Some users of the new MacBook Air have been reporting frustrations on the screen, such as random flashing, the appearance of horizontal or vertical lines, and in some cases, different colors filling the screen just before the computer crashes.
Apple is still finding a way to stop the kernel issues and strobe-light effects, but for now it allows users to exchange an affected MacBook Air for another one. Users have found that only rebooting the computer seems to restore it back to normal, or at least until the screen goes wonky again. So far, Apple hasn’t commented publicly on the problem.
However, the MacBook Air’s bugginess is such an obvious, visual assault that it’s hard to believe that no one at Apple saw it before the machines were shipped to stores. It’s not as if the MacBook Air didn’t receive a lot of hype. Its commercials are still in heavy rotation, and it was the star of Apple’s recent “Back to the Mac” event last month.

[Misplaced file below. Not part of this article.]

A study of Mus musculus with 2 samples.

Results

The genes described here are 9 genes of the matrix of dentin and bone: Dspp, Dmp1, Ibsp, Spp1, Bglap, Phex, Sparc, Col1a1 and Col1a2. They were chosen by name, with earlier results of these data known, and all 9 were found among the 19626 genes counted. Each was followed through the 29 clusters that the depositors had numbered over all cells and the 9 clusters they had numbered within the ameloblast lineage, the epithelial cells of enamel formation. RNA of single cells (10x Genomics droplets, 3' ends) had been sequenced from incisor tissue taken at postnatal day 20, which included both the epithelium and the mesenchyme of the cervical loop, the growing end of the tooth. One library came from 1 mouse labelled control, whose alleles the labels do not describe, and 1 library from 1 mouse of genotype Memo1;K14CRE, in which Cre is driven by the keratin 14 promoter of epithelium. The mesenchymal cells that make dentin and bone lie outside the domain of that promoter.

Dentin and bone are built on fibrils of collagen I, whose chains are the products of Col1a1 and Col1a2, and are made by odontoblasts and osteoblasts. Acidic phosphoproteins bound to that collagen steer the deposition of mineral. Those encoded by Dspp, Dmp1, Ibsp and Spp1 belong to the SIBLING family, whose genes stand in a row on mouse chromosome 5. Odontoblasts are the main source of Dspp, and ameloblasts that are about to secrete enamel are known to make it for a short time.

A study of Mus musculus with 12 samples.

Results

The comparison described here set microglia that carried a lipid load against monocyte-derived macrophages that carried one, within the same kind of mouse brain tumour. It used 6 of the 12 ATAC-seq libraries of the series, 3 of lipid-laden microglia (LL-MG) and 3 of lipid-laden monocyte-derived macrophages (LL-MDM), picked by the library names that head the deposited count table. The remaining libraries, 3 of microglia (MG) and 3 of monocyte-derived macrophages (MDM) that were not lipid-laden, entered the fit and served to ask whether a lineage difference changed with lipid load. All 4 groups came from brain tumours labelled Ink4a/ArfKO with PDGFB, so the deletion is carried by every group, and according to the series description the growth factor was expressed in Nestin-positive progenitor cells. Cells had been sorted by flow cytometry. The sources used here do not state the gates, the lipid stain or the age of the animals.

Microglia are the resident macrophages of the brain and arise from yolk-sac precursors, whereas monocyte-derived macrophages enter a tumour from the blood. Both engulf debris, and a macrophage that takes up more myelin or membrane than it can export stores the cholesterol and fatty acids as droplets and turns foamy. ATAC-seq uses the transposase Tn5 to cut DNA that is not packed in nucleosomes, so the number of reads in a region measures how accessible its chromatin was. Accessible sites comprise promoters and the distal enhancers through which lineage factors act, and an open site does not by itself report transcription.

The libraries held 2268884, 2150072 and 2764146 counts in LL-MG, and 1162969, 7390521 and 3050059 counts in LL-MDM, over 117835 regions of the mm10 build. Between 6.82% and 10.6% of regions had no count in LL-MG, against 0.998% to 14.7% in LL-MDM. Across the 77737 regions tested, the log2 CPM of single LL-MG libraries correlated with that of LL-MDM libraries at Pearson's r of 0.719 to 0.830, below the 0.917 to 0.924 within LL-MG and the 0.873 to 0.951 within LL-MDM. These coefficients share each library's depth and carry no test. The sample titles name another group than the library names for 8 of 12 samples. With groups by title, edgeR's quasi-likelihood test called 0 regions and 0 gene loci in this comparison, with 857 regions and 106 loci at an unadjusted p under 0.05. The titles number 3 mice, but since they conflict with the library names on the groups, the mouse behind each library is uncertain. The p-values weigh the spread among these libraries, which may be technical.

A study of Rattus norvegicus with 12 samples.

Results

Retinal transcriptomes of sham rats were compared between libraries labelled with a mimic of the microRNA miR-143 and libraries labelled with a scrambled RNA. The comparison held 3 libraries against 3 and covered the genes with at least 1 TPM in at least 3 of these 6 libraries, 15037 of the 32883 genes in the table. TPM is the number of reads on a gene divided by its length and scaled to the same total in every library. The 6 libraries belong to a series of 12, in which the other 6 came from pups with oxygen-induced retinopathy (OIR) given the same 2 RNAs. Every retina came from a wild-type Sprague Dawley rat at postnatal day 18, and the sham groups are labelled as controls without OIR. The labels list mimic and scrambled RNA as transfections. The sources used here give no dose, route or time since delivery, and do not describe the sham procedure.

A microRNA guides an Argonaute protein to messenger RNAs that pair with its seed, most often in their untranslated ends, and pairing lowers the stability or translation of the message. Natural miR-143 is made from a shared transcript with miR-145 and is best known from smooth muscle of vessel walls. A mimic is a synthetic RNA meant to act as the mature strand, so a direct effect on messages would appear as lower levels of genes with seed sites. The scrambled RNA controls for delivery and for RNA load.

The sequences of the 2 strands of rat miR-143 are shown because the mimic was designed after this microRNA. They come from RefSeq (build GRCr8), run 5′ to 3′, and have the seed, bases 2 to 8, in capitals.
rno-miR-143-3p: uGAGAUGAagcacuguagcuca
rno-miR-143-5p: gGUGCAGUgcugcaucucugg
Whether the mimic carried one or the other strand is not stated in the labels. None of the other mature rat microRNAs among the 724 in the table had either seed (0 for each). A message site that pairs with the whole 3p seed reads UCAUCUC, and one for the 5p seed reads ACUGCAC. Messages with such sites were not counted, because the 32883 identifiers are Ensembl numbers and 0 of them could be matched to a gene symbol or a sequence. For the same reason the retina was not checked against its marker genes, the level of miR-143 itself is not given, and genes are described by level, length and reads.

Reviews were mostly glowing, and no one seemed to breathe a word about screen problems, so it’s likely the bugs will appear only with extended or repeated use–all things that should have been caught in the testing phase.
Don’t think it’s because Apple skimped on the hardware. The MacBook Air is not a cheap laptop. It owes its thinness to being strategically built–and it was, with a custom solid-state drive by Toshiba. The 11-inch model starts at $999 and its 13.3-inch model starts at $1299, but most people will probably pay at least $200 for more memory, especially since the machine can’t be upgraded or modified.
Was Apple under the gun to produce something exciting for its latest publicity blitz? It’s likely that without any new iPhone or iPad announcements, Apple pinned its hopes on the MacBook Air. It certainly could become the hottest new laptop, especially now that businesses and consumers have been embracing Apple by buying the iPad in record numbers. But maybe Apple failed to scrutinize the slim computer closely enough.
It’s too bad that Apple apparently didn’t learn from its previous experience with the iPhone, and didn’t wait long enough to put out a quality product that wouldn’t hurt its reputation.